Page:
CAIDA’s Annual Report for 2006

June 28th, 2007 by kc

CAIDA’s 2006 Annual Report covers last year’s efforts, summarizing highlights from our research, infrastructure, and outreach activities. Our current research projects, primarily funded by the U.S. National Science Foundation (NSF), include several measurement-based studies of the Internet’s core infrastructure, with focus on the health and integrity of the global Internet’s topology, routing, addressing, and naming system. Our infrastructure activities, funded by NSF and DHS as well as other government and industry sources, include building a catalog of Internet measurement data sets, contributing to the (DHS-funded) PREDICT repository of datasets to support the (U.S.-based) network research community, and developing and deploying active and passive measurement infrastructure that cost-effectively supports the global Internet research community. We also lead and participate in tool development to support measurement, analysis, indexing, and dissemination of data from operational global Internet infrastructure. Finally, we engage in a variety of outreach activities, including web sites, peer-reviewed papers, technical reports, presentations, blogging, animations, and workshops. CAIDA’s program plan for 2007-2010 will be available in July 2007.

Background and recent history

For just over ten years CAIDA has undertaken various approaches to narrowing a gap that now impedes the field of network research as well as telecommunications policy: a dearth of available empirical data on the public Internet since the infrastructure privatized. We have managed to grow and maintain a research group through increasingly difficult science funding periods, yet over the last decade our ability to get data from the commercial Internet has gradually diminished, as has the quality of science in the field of Internet research.

As an Internet data analysis and research group largely supported with public funding to apply measurement and analysis toward understanding and solving globally relevant Internet engineering problems, we accept a responsibility to seek, analyze, and communicate the salient features of the best available data about the Internet. And of course, we want better answers to the oft-asked question by graduate students: “What Internet research problems are important to work on?’?

In 2003, frustrated with both the lack of access to data and the lack of progress in the Internet research community on a number of important problems in the last ten years, we began a survey to find answers to three questions: (1) What are the top operational and engineering problems in the Internet?; (2) Are we making measurable progress toward solving them?; (3) For problems that we’re not making progress on, what is blocking progress?

These problems span four dimensions of the Internet as emerging critical infrastructure: safety, scability, sustainability, and stewardship. Measurement made the list of problems, no surprise there. At CAIDA we have experienced how difficult measurement of operational infrastructure has been, but the biggest problems with measurement had long been economic (cost of instrumentation and data management), ownership (legal access to data), and trust (privacy and security obstacles to measurement). More surprising was that measurement was not unique in this regard: all persistently unsolved operational problems of the Internet are similarly blocked on issues of economics, ownership, and trust (EOT).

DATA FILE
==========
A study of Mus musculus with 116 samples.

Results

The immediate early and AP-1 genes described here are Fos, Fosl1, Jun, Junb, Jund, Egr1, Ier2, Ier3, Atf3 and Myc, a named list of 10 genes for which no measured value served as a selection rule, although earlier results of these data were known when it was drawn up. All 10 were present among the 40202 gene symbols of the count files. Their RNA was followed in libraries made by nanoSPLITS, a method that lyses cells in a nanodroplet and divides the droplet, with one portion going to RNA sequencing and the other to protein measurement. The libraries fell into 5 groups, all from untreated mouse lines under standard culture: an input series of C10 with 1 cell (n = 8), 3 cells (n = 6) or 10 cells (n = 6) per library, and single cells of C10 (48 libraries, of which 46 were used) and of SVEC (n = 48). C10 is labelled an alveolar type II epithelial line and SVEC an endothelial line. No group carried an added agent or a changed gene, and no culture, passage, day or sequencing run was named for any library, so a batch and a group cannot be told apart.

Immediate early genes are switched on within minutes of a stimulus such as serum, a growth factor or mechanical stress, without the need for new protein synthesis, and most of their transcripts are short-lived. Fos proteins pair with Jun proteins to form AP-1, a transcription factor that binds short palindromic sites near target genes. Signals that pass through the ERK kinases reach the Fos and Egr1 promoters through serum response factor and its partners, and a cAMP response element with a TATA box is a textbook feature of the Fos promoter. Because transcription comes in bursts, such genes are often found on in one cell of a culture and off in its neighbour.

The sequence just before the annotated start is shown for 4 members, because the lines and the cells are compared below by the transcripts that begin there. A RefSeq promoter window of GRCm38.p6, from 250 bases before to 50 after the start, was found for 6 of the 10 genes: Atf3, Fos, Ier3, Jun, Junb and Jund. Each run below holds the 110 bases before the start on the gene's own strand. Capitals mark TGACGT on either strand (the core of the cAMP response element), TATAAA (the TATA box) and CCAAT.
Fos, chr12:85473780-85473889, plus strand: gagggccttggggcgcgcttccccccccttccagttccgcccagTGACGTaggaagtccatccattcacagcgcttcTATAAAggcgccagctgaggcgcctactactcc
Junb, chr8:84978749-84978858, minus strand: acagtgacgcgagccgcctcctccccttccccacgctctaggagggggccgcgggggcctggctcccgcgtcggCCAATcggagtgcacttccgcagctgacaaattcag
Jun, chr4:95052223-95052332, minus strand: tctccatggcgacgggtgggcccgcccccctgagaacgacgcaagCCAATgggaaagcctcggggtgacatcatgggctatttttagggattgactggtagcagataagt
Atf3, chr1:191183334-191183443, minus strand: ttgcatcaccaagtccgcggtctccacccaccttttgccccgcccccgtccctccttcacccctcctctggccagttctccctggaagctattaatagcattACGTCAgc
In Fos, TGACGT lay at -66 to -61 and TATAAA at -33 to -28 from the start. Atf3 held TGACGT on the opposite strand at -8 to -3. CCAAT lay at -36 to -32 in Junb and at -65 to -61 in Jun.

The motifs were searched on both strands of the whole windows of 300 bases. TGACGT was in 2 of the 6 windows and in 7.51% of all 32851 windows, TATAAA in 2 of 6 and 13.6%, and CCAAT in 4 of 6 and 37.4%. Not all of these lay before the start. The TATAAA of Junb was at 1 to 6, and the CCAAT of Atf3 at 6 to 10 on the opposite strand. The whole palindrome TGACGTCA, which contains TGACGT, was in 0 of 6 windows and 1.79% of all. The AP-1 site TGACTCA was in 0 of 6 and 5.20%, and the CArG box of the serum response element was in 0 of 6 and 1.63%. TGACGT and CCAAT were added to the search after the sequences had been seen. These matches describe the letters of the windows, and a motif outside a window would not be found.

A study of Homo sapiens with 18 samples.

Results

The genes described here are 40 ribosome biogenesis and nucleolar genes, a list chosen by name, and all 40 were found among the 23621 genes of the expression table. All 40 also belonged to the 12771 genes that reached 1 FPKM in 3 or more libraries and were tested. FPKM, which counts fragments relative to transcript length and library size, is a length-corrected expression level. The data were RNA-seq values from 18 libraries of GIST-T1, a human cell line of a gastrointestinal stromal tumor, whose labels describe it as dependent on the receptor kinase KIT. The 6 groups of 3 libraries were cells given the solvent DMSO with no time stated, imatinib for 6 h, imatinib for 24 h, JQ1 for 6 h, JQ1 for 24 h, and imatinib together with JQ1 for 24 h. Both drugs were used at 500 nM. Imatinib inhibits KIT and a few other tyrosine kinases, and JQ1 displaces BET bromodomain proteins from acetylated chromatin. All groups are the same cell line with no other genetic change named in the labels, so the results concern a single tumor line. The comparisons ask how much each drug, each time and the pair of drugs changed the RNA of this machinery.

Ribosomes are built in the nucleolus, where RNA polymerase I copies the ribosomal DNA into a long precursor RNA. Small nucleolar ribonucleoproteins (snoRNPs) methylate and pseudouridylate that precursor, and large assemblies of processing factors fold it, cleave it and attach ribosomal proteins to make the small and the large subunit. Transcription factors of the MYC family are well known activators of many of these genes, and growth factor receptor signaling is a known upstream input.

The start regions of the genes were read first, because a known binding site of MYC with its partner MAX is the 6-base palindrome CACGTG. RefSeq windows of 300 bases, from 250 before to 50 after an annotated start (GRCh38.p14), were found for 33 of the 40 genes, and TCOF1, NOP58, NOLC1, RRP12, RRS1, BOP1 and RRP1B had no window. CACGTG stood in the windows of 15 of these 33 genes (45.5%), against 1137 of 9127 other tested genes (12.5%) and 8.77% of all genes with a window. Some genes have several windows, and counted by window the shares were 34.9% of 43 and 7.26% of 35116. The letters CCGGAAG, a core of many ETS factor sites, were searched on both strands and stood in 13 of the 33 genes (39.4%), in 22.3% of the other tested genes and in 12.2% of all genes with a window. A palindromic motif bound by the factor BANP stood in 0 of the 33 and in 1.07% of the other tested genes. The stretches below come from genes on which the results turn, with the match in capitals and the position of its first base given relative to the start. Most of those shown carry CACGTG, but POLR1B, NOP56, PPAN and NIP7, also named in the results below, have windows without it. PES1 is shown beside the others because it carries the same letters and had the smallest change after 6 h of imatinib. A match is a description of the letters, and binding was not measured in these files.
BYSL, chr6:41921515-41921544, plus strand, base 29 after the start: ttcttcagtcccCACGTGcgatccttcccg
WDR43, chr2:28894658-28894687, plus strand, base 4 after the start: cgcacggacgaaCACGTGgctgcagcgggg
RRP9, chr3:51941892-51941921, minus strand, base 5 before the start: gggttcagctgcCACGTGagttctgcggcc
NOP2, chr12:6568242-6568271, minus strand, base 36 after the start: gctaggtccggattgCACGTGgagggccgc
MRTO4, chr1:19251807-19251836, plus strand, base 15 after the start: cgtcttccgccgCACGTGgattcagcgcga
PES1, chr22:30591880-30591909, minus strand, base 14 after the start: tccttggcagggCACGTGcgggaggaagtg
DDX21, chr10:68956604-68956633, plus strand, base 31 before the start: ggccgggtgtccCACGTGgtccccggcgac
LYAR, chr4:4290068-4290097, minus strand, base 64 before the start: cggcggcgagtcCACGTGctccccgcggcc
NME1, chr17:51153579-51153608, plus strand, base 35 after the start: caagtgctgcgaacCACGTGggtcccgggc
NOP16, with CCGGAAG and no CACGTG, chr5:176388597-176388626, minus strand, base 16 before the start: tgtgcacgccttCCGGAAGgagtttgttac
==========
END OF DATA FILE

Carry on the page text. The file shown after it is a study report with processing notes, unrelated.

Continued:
Expansion of research agenda into policy and economics

This lesson meant a change in strategy for CAIDA. We recognize it is no longer appropriate to pursue solutions to the Internet’s problems without tackling the EOT issues. CAIDA’s activities have spanned the four S’s (security, scalability, sustainability, stewardship) for years, but we have begun to re-focus current projects, and pursue new projects, that specifically recognize and openly navigate the economic and policy issues via activities that cross the boundaries between technology and policy. The table below lists examples of how we have expanded our horizons in the last couple of years. Most current projects will continue into 2007.

In addition to we expanded our efforts to
collecting topology for use in modeling and simulation activities, use the same data to provide a current ranking Internet service providers according to sample observations of AS topology coverage ( ASrank).
launching DatCat, for use by researchers to index data sets into a common catalog, reach out to policymakers to show them how such a catalog could support informed policy making.
upgrading our measurement infrastructure and data curation tools to keep pace with technology changes and research community needs, propose a project to provide otherwise non-existent incentive for operational networks to use these tools to contribute network meas urements to the research community.
simulating routing protocols that could scale to billions of nodes, simulate IPv4 address consumption scenarios for ARIN to support immediate policy needs.
providing the largest simultaneous collection of traffic to DNS root servers in support of the research community, do macroscopic surveys of the health of the current DNS, and participate on two of ICANN’s subcommittees (SSAC and RSSAC).

If you have comments or questions, please do not hesitate to contact us at info at caida dot org.

Follow this link to CAIDA’s Annual Report for 2006.